7 Coronavirus Treatment And Vaccination Trials That Are Ongoing In Africa

7 Coronavirus Treatment And Vaccination Trials That Are Ongoing In Africa

These seven coronavirus treatment and vaccination trials are ongoing in Africa across countries including South Africa, Nigeria, Tunisia and Zambia. Image: 54gene

The coronavirus has crippled economies and overwhelmed health systems across the globe, accelerating the need for a vaccine or cure to be developed.

While there is no guarantee that a vaccine for covid-19 will ever be successfully developed, there are more than 100 coronavirus vaccines in development with at least 20 expected to begin human testing in 2020.

Africa is not being left behind in this regard, with a handful of vaccine and treatment trials underway in countries including South Africa, Egypt, and Madagascar.

Globally, there are 3.93 million covid-19 infections and more than 271,000 deaths. Africa has reported 54,000 cases and 2,073 deaths.

Here are seven coronavirus treatment and vaccination trials that are ongoing across Africa.

BCG vaccine in South Africa

The Bacille Calmette-Guérin (BCG) vaccine — used to vaccinate children against tuberculosis — has been administered to 250 healthcare workers in South Africa as part of a clinical study run by Cape Town-based social enterprise Task Applied Science, according to Businesstech. The aim of the study is to determine if the anti-tuberculosis drug reduces the probability or the severity of the covid-19 infection and its symptoms.

Measles vaccine in Egypt

Authorities in Egypt approved proposals to conduct clinical trials in an effort to help develop therapeutics to treat the coronavirus, with 25 clinical studies in progress across Egypt. One of those is a study determining the effectiveness of the measles vaccine to counter the effects of coronavirus in Egyptian healthcare professionals. The clinical trial involves a group of 200 participants at the Kasr El Aini Hospital, a research and teaching hospital in Cairo.

Chloroquine trial in Zambia

Funded by the Washington University School of Medicine in Missouri and the Seattle-based Bill & Melinda Gates Foundation, Zambia is taking part in the global Crown Coronation trial providing healthcare workers with various doses of chloroquine or a placebo to try and prevent or reduce the severity of covid-19 disease, according to ClinicalTrials.gov. Healthcare workers from the Levy Mwanawasa University Teaching Hospital and the Centre for Infectious Disease Research in Zambia, both in Lusaka, are involved in the clinical trial.

A medication clinical trial in Nigeria

Nigeria is in the process of conducting a patient-focused clinical study in Nigeria involving hospitalized covid-19 patients at the University College Hospital in Ibadan. The patients are given a combination of three medications — aspirin, losartan, and simvastatin — to determine whether any of the combinations assist with recovery or reduce symptom severity, according to the U.S. National Library of Medicine.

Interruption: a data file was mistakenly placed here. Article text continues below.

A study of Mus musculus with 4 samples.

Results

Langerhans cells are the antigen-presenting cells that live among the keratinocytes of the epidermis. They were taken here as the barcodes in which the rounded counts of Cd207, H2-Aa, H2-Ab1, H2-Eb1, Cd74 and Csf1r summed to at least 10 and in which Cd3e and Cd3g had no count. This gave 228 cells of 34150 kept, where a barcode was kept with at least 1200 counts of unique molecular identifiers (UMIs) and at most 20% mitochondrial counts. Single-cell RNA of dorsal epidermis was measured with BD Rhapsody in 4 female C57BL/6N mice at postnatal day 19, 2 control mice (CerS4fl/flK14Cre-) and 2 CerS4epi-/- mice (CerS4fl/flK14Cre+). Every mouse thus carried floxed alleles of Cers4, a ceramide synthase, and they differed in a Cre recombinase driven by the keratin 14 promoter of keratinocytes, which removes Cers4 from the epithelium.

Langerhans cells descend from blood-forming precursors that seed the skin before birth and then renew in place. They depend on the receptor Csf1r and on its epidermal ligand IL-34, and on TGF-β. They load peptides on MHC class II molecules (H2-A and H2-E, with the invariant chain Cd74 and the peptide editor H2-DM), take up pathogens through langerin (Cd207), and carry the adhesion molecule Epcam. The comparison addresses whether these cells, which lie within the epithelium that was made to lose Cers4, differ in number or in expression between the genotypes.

South Africa is part of the WHO solidarity trial

From the beginning of April, South African researchers began enrolling patients in an international clinical trial launched by the World Health Organization which will compare the safety and effectiveness of different drugs or drug combinations against the coronavirus. Patients at 14 hospitals in South Africa will form part of the Solidarity trial involving more than 45 countries, with the drugs — remdesivir, chloroquine, ritonavir, lopinavir and interferon — provided to participants in random combinations, according to The Daily Maverick. Nigeria has also expressed an interest in joining the Solidarity trial.

Hydroxychloroquine as a prophylactic drug for Tunisian health workers

In Tunisia, healthcare workers at the Abderrahmane Mami Hospital are being given hydroxychloroquine to assess the its safety and efficacy as a prophylactic treatment — a treatment given to prevent disease. A group of 530 health workers in intensive care units exposed to the risk of covid-19 infection will take the medication to determine its value as a prophylactic medicine, according to the U.S. National Library of Medicine.


A herbal drink made from artemisia — a plant often used in southern African herbal medicines — is being touted by Madagascar President Andry Rajoelina as having preventive and curative properties against covid-19. In early May, the president announced that clinical trials were underway to test the drink, known as Covid-Organics, according to AfricaNews. A factory is being built to boost its production and authorities in Tanzania, Guinea-Bissau, Equatorial Guinea, Comoros, DR Congo, Senegal and the Republic of Congo have shown an interest in the herbal remedy.

This clinical trial is not listed within the databases of major international health organizations or endorsed by the World Health Organization, as there is little scientific evidence available to back up its efficacy. At the request of Madagascar President Rajoelina, South African scientists will assist with testing the herbal drink, ENCA reported.

The effectiveness of the herbal drink is up for debate, with many simply dismissing the potential of Covid-Organics in the treatment of covid-19. However, it is worth noting that the Max Planck Institute, a Germany-based scientific research firm, is collaborating with ArtemiLife Inc., a U.S.-based company to test the artemisia annua plant extract — the key ingredient in Covid-Organics — in laboratory cell studies against the novel coronavirus.